15 May 2020

LTT once heard a tale of a man who moved house by bus. Everything went well until he boarded a service with his TV set. “Sorry pal,” said the driver, “I can’t let you aboard, for all I know there could be a bomb in that.” So our enterprising mover returned home, wrapped the TV in a black plastic bin bag, and boarded the next service without incident. We were reminded of this story by a Dorset Council report explaining how officers have been helping people during the Covid-19 lockdown. “We used a bus to help a family move house in Dorchester yesterday,” they reported. “This was an unusual request for us but we’re more than willing to help someone in need.” 

Bus drivers in York are also finding gainful new employment (though, thankfully, the buses are not). A council paper reports: “Collaboration with bus operators has enabled some bus drivers to be retained and redeployed as refuse vehicle drivers, as the council has worked to prioritise household and recycling collections.”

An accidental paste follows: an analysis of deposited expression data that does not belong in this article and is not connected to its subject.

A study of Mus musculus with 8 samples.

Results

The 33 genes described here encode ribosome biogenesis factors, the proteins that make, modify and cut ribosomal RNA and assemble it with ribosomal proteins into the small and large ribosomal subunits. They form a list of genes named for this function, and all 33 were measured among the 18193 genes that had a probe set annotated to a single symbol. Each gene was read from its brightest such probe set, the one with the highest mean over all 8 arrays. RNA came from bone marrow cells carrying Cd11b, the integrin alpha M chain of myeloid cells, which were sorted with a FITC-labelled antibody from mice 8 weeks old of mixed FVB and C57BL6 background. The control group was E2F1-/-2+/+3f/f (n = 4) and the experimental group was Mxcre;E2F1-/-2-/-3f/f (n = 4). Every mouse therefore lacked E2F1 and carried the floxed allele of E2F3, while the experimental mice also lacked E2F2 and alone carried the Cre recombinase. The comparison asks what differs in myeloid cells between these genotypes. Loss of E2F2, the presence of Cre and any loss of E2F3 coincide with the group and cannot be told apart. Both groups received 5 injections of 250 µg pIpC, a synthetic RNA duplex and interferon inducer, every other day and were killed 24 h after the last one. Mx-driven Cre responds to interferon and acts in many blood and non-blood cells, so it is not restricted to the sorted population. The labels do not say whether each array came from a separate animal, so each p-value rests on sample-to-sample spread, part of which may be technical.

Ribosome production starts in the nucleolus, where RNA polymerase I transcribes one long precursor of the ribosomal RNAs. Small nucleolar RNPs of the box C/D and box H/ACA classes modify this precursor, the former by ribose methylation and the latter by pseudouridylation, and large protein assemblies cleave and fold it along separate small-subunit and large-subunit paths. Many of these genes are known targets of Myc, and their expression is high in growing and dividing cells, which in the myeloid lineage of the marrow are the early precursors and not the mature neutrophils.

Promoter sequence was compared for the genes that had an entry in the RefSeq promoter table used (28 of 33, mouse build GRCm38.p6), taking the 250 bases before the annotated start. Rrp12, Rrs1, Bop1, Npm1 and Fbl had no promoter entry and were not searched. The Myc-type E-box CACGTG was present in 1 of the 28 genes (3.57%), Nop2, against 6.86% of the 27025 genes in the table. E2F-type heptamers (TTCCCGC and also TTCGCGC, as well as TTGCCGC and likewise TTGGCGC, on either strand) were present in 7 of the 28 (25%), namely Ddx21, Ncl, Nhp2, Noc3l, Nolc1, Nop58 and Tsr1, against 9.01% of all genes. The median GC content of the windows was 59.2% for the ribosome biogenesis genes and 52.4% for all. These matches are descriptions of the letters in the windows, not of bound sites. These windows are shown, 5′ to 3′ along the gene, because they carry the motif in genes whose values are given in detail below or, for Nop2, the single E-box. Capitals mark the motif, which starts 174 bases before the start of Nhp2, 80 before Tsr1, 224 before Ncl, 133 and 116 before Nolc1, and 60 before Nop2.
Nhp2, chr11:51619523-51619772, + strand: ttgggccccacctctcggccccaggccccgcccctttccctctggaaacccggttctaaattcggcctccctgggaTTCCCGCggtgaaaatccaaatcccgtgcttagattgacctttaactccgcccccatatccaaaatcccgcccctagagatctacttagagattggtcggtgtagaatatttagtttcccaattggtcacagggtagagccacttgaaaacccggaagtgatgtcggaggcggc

News from London where the independent candidate for mayor Rory Stewart has pulled out the race. Stewart can’t afford to fund his campaign for another year following the postponement of this month’s election because of Covid-19. 

The DfT’s new guidance on road network management in response to Covid-19 encourages councils to introduce more ‘school streets’ – areas around schools where traffic is restricted at pick-up and drop-off times. One quibble: the guidance says school streets were “pioneered in London”. Is that really so? If LTT were asked, we’d venture Scotland. And if asked to be more precise we’d say Dundee. 

The Times columnist Matthew Parris has never rated Boris Johnson and last weekend he stuck the boot in over the PM’s handling of the Covid-19 epidemic. Illustrating his lack of suitability for high office, Parris cited Johnson’s performance at Prime Minister’s questions, writing: “Later, asked about public transport, Johnson started burbling about a new golden age of cycling. Rush-hour Tube trains carry more than a thousand passengers every two minutes.” And with that, Parris saw no need to say anything more.